NCPA - National Center for Policy Analysis

A New Measure of Consumption Inequality

July 18, 2012

In recent times, the debate surrounding middle-class welfare has tended to focus on the issue of income inequality. In a popular 2006 paper, economists Thomas Piketty and Emmanuel Saez use tax return data from the Internal Revenue Service to suggest that income inequality has widened significantly over the period 1913 to 2010.

Kevin A. Hassett and Aparna Mathur of the American Enterprise Institute, however, argue that income data are not the best measure of overall welfare. What matters for household wellbeing is consumption, since households are better able to smooth consumption rather than income over their lifetime. To that end, they use two sources of data to assess changes in consumption inequality.

The first source, the Consumer Expenditure (CEX) Survey, shows aggregated changes in consumption expenditures for households at all levels of the income distribution.

  • In 1984, the first year of their analysis, households in the top income quintile accounted for 37 percent of total expenditures, while those at the bottom accounted for only 10 percent.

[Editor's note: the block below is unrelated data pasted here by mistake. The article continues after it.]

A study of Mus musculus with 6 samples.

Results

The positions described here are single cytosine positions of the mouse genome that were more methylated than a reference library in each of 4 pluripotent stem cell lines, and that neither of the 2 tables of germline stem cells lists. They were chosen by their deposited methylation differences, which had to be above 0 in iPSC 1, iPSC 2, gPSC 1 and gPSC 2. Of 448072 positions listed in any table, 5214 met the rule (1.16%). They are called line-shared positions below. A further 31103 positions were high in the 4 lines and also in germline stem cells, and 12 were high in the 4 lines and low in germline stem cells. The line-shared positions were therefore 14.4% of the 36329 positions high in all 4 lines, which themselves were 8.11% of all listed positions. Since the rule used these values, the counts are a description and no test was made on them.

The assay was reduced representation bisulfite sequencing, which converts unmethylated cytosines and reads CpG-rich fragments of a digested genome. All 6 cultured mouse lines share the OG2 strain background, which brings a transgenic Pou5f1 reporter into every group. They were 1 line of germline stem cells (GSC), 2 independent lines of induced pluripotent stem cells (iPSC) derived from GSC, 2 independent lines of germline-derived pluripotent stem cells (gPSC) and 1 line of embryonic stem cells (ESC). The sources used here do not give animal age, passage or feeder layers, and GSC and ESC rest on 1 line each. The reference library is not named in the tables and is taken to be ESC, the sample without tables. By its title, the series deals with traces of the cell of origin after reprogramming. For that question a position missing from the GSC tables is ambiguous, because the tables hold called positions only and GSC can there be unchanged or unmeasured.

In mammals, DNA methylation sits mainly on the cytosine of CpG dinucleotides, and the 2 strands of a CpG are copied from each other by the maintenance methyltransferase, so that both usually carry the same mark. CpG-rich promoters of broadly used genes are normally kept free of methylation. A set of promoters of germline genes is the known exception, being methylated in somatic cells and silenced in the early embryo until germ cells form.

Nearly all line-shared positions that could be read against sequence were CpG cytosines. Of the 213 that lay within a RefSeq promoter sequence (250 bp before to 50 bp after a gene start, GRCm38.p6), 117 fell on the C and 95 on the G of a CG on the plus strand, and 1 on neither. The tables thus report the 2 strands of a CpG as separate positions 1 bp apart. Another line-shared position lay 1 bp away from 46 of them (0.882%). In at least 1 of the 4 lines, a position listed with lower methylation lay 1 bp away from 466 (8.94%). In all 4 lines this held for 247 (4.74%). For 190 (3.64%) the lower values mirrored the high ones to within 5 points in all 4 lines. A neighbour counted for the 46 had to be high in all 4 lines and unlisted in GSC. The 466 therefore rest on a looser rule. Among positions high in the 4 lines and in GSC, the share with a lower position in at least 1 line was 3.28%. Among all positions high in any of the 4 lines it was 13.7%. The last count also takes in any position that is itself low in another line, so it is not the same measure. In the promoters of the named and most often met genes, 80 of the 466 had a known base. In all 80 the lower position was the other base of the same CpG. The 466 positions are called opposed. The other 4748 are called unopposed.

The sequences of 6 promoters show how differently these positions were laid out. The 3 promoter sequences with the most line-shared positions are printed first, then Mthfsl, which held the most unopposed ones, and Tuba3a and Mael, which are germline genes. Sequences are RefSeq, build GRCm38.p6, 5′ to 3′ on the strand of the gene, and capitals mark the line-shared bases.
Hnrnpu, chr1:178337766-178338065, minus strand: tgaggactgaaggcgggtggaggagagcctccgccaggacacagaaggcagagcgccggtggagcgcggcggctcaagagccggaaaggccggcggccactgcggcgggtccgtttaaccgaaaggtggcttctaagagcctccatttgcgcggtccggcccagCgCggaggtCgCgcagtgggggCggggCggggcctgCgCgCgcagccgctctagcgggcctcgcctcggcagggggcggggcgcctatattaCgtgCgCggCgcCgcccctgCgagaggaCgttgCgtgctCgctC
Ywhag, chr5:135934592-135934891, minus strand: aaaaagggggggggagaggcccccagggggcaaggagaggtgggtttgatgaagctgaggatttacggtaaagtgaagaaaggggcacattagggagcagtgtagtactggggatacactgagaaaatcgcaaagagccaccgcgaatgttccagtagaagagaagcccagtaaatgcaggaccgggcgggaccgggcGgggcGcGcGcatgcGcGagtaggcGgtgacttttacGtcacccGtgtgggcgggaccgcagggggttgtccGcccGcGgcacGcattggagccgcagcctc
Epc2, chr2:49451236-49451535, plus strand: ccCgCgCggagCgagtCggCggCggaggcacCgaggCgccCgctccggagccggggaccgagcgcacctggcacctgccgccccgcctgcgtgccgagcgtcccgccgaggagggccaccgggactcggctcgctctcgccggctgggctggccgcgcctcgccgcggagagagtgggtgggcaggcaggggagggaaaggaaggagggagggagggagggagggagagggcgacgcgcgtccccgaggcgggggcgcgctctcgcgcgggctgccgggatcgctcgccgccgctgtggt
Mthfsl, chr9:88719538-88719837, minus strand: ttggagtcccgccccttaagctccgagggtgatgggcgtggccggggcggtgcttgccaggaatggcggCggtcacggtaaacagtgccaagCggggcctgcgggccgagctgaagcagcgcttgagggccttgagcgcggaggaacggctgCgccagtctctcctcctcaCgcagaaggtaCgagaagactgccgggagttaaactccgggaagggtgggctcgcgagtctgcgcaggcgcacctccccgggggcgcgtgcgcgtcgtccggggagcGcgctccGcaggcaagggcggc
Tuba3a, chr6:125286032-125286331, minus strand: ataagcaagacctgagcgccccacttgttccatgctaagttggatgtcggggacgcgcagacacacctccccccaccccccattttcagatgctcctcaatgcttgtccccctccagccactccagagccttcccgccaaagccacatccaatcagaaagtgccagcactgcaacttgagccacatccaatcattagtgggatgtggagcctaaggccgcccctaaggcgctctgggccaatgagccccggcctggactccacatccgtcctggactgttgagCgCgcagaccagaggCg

• Hence the ratio of top to bottom consumption was approximately 3.8.
  • By 2010, that ratio had increased to 4.4, which is only marginally larger than the average ratio of 4.3 over that entire time period.
  • This undermines the much-exaggerated tale told by measures of income inequality, which suggest that the gap has become much wider than this new data explains.

The second data source, the Residential Energy Consumption Survey (RECS), allows for assessment of consumption inequality in durable goods. Consumption of durable goods is recorded less well in the CEX data but is important in thoroughly assessing consumption inequality.

  • The RECS survey includes questions on household use of appliances such as microwaves, dishwashers, computers and printers.
  • Simple tabulations of these data across years suggest that a higher percentage of low-income households are able to afford and possess these items.
  • In addition, the quality of dwelling spaces has improved, and more low-income households have heating and air conditioning today than at any time in the past.
  • For nearly all durable goods, furthermore, the gap between high-income and low-income households has either narrowed significantly or remained the same.
  • This too, undermines the narrative of growing income inequality.

Source: Kevin A. Hassett and Aparna Mathur, "A New Measure of Consumption Inequality," American Enterprise Institute, June 25, 2012.